I echoed his sentiment on my post last week. Pay for the software you use. They might live longer.
Here are snippets from his article which just make so much sense…
Reader’s death illustrates a terrible downside of cloud software—sometimes your favorite, most indispensable thing just goes away. Yes, software would get discontinued back in the days when we relied on desktop apps, but when desktop software died it wasn’t really dead. If you’re still a fan of ancient versions of WordPerfect or Lotus 1-2-3, you can keep using them on your aging DOS box. But when cloud software dies, it goes away for good. If the company that’s killing it is decent, it may let you export your data. But you’ll never, ever be able to use its code again.
That’s why we should all consider Reader’s death a wake-up call—a reminder that any time you choose to get involved with a new app, you should think about the long haul. It’s not a good idea to hook up with every great app that comes along, even if it’s terrifically innovative and mind-bogglingly cheap or even free. Indeed, you should be especially wary if something seems too cheap. That’s because software is expensive. To build and maintain the best software requires engineering and design talent that will only stick around when a company has an obvious way to make money. If you want to use programs that last, it’s not enough to consider how well they work. You’ve also got to be sure that there’s a solid business model attached to the code.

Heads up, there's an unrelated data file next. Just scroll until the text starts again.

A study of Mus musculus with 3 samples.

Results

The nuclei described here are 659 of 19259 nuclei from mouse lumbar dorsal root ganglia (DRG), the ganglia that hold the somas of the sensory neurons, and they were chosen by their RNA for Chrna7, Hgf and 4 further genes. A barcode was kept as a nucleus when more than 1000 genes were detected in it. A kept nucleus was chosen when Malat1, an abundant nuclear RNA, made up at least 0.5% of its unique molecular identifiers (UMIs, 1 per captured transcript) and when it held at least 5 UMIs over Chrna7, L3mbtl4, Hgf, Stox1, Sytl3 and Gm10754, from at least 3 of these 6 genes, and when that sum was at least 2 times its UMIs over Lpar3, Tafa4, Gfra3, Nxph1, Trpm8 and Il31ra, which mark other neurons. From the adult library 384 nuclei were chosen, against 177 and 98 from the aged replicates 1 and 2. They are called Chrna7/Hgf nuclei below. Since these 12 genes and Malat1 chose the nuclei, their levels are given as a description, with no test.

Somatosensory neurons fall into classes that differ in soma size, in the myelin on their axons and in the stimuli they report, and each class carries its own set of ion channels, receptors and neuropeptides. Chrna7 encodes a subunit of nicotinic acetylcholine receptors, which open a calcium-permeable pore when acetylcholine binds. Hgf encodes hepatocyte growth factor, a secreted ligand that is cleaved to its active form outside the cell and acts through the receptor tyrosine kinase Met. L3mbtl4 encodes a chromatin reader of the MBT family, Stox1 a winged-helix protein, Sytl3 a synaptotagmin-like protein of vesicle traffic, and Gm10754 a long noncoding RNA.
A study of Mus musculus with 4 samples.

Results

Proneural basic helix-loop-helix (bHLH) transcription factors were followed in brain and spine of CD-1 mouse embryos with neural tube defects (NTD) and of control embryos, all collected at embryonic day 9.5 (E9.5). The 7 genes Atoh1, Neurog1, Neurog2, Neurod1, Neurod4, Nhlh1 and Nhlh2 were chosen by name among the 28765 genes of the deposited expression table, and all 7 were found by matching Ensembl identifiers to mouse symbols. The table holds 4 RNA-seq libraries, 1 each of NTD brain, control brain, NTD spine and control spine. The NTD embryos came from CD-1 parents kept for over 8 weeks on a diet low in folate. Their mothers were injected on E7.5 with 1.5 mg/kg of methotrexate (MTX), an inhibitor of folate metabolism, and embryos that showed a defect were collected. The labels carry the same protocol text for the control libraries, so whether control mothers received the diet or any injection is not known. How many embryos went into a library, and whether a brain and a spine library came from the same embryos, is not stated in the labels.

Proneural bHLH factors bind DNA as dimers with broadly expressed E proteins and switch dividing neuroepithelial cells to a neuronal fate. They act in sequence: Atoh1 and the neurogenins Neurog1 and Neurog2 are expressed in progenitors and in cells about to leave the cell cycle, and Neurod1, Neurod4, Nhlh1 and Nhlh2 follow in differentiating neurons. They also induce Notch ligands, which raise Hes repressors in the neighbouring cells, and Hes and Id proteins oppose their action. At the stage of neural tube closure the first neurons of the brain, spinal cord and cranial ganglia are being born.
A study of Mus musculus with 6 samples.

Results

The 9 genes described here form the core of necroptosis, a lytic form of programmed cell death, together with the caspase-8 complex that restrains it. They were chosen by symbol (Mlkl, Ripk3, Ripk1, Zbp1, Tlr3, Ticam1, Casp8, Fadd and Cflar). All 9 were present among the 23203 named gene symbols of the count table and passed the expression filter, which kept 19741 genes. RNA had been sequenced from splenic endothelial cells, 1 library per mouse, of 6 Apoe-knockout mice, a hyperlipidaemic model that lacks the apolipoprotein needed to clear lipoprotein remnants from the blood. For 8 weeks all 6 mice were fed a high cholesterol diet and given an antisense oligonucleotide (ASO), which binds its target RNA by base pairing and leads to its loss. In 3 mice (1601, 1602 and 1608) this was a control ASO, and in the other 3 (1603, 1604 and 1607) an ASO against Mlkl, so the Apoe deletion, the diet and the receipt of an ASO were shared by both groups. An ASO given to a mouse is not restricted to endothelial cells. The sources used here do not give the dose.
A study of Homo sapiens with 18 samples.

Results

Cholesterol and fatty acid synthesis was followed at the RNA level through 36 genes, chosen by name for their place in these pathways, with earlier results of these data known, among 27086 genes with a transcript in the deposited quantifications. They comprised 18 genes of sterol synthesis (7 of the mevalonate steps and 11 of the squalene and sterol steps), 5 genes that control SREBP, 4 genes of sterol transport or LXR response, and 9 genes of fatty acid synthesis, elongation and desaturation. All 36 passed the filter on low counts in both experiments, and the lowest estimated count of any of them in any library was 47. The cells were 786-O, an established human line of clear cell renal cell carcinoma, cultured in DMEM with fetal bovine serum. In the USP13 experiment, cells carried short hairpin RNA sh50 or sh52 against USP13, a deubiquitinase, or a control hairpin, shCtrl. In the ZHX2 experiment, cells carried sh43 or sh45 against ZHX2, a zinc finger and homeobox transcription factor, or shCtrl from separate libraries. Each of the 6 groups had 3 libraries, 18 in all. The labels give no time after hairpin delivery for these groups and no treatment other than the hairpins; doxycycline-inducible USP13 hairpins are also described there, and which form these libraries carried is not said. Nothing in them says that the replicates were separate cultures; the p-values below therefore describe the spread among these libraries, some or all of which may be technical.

But companies that take your money are at least signaling to you that their software is just as important to them as it is to you. On the other hand, companies that don’t take your money and won’t even say how the product you love will ever make money—hey, they’re fun for a romp, but don’t be surprised when they ditch town in the middle of the night.
I encourage you to do the same, if you can afford it. Free stuff online is great, but nothing is free forever. If you care for something, open your wallet.